With a really tight timetable, a number of post-Brexit concerns have been raised, such as if the UK will align itself to the market rules effective in the European bloc or if the country will end up asking for an extension, which re-elected Boris Johnson has vowed not to.
The European Union will by no means put its own well-being in jeopardy when attempting to agree on a post-Brexit trade deal next year if Boris Johnson refuses to align the UK’s economy to single market rules:
“If Johnson will not move on alignment then there will not be a zero-tariff, zero-quota deal and certainly no chance of one being agreed in double quick time”, a senior EU diplomatic source told The Sunday Times.
“We are not going to open up our single market to a big competitor who undercuts European economies on regulations. In the age of Donald Trump and the rise of China it would mean cutting our own throat”, he stressed adding a colourful comparison.
A senior government figure told the edition that the British prime minister was inclined to reject Brussels’ demands that Britain meet European rules on a number of issues like competition, environmental protection, and workplace rights in return for tariff-free access to the single market as the price of a trade deal.
Shortly after a meeting of EU leaders at the end of last week, French President Emmanuel Macron pointed out that “in the absence of regulatory convergence we will not be able to conclude an ambitious trade deal” since it would mean the European bloc “accepting dumping on its borders”.
‘No Agreement’ Option Still ‘Real’
Per a report that is soon to be published by the Institute for Government and cited by The Times, a two-way trade deal with the EU would be possible by the end of next year only if Mr Johnson accepted a more limited agreement.
Raoul Ruparel, the Europe adviser to Theresa May when she was in office, insists in his report that the prime minister will have to be honest with his voters about the trade-offs required to strike a deal, saying: “The risk of the UK leaving the EU at the end of the transition period without an agreement is still very real — and too little recognised”.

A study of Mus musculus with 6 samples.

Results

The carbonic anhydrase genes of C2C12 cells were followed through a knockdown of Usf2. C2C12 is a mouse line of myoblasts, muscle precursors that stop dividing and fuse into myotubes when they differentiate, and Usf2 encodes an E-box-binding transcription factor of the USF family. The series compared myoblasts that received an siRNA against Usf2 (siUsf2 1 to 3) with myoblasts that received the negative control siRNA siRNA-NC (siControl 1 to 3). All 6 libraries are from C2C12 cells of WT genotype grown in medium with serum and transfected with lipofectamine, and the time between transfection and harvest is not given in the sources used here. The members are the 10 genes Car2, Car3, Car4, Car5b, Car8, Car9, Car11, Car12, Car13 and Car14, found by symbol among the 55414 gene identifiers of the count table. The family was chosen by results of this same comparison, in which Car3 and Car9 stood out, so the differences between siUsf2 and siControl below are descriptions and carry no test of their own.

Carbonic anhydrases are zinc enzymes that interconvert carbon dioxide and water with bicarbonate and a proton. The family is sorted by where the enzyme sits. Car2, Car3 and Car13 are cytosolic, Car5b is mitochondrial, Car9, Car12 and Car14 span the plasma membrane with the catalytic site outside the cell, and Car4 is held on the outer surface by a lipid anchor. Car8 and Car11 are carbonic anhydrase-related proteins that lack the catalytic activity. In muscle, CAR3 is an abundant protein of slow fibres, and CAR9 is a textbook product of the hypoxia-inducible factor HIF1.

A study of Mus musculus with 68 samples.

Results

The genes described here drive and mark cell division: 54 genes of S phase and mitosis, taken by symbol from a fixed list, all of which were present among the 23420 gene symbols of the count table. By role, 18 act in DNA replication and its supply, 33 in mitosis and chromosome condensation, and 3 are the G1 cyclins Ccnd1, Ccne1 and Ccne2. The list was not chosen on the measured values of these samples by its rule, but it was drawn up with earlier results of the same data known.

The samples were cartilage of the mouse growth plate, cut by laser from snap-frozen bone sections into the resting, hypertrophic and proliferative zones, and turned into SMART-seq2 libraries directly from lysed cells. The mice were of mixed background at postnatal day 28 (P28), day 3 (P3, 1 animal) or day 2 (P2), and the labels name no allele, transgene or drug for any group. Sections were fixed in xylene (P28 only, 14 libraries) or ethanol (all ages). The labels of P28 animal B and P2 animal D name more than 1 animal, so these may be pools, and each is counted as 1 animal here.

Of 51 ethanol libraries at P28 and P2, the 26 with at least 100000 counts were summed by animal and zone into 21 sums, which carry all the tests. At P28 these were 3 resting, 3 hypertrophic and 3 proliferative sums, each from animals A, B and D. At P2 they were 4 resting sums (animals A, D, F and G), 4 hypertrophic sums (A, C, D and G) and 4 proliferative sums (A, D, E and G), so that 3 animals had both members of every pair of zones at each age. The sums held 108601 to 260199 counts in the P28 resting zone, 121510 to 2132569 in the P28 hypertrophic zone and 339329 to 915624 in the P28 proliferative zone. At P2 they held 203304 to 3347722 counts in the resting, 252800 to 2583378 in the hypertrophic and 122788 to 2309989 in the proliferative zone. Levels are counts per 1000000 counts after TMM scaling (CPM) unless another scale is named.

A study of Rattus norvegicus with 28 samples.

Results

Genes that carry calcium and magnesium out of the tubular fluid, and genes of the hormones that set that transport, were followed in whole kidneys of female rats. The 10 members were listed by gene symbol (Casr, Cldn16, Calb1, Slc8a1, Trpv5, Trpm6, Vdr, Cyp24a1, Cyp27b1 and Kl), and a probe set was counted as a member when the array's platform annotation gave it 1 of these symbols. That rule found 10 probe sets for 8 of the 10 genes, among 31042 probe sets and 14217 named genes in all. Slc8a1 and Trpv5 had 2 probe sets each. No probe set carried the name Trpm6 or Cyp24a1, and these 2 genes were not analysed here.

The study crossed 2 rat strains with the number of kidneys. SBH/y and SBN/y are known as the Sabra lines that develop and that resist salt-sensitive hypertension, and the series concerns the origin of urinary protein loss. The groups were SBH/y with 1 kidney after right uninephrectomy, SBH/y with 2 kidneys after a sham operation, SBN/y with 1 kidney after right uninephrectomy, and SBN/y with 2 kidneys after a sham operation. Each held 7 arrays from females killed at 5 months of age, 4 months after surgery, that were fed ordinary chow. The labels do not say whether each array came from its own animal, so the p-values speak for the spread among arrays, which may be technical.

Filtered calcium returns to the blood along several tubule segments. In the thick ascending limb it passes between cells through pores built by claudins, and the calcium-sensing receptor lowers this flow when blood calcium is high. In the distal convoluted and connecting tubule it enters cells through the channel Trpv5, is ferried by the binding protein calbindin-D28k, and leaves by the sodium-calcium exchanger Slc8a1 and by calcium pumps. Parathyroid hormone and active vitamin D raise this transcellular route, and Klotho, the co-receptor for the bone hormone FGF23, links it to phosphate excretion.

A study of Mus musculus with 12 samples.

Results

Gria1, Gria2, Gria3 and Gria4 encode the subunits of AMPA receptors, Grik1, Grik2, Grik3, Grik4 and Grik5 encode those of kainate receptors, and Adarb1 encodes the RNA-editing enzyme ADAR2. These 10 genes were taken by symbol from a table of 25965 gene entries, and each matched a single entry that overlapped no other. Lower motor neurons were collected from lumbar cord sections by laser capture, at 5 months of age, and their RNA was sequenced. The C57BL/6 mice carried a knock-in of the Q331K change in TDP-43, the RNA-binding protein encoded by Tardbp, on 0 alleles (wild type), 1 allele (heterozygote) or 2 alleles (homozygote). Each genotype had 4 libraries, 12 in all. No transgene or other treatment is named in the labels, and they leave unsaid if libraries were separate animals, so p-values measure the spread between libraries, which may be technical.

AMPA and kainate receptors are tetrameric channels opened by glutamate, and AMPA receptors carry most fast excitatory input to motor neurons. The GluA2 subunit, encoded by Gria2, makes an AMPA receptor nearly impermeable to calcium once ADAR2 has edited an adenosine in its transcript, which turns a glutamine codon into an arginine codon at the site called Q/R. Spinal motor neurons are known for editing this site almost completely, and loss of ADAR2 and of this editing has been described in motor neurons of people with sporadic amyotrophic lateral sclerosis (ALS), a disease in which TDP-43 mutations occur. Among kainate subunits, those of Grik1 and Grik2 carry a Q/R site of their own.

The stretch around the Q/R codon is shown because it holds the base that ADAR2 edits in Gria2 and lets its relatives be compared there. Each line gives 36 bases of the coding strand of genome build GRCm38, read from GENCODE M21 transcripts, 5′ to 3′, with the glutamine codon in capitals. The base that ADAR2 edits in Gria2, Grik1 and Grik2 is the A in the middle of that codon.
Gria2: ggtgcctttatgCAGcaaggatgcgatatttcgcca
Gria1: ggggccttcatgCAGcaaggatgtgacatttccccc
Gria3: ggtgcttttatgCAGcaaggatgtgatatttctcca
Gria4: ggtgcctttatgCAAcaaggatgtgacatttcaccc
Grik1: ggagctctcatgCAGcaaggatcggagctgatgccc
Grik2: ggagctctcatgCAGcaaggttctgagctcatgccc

He urged the re-elected prime minister to transfer the key trade talks to the Cabinet office and empower it to make decisions instead of the Department for Exiting the European Union.
Addressing rumours and speculation about whether Johnson will ultimately ask for an extension, Ruparel strikes back saying that contrary to popular belief, saying “I believe negotiations in 2020 can return a clear outcome by the end of the year”.
According to the current schedule, reiterated by Johnson as he was competing to stay at Downing Street in the 12 December vote, the UK is set to leave the EU by 31 January, while in the next 11 months the country will have to negotiate the final trade arrangements with the bloc via a Michel Barnier-led EU negotiating team.
‘In Relatively Short Order’
Michael Gove, the cabinet minister tipped to become Britain’s lead negotiator on a future trade deal in February, has stressed the government’s commitment to finalising it next year.
“What I can absolutely confirm is that we’ll have an opportunity to vote on the Withdrawal Agreement Bill in relatively short order and then we will make sure that it passes before January 31st”, he told Sky News over the weekend.
“We will have concluded our conversations with the EU about the new framework of free trade and friendly cooperation by the end of next year”, Gove said.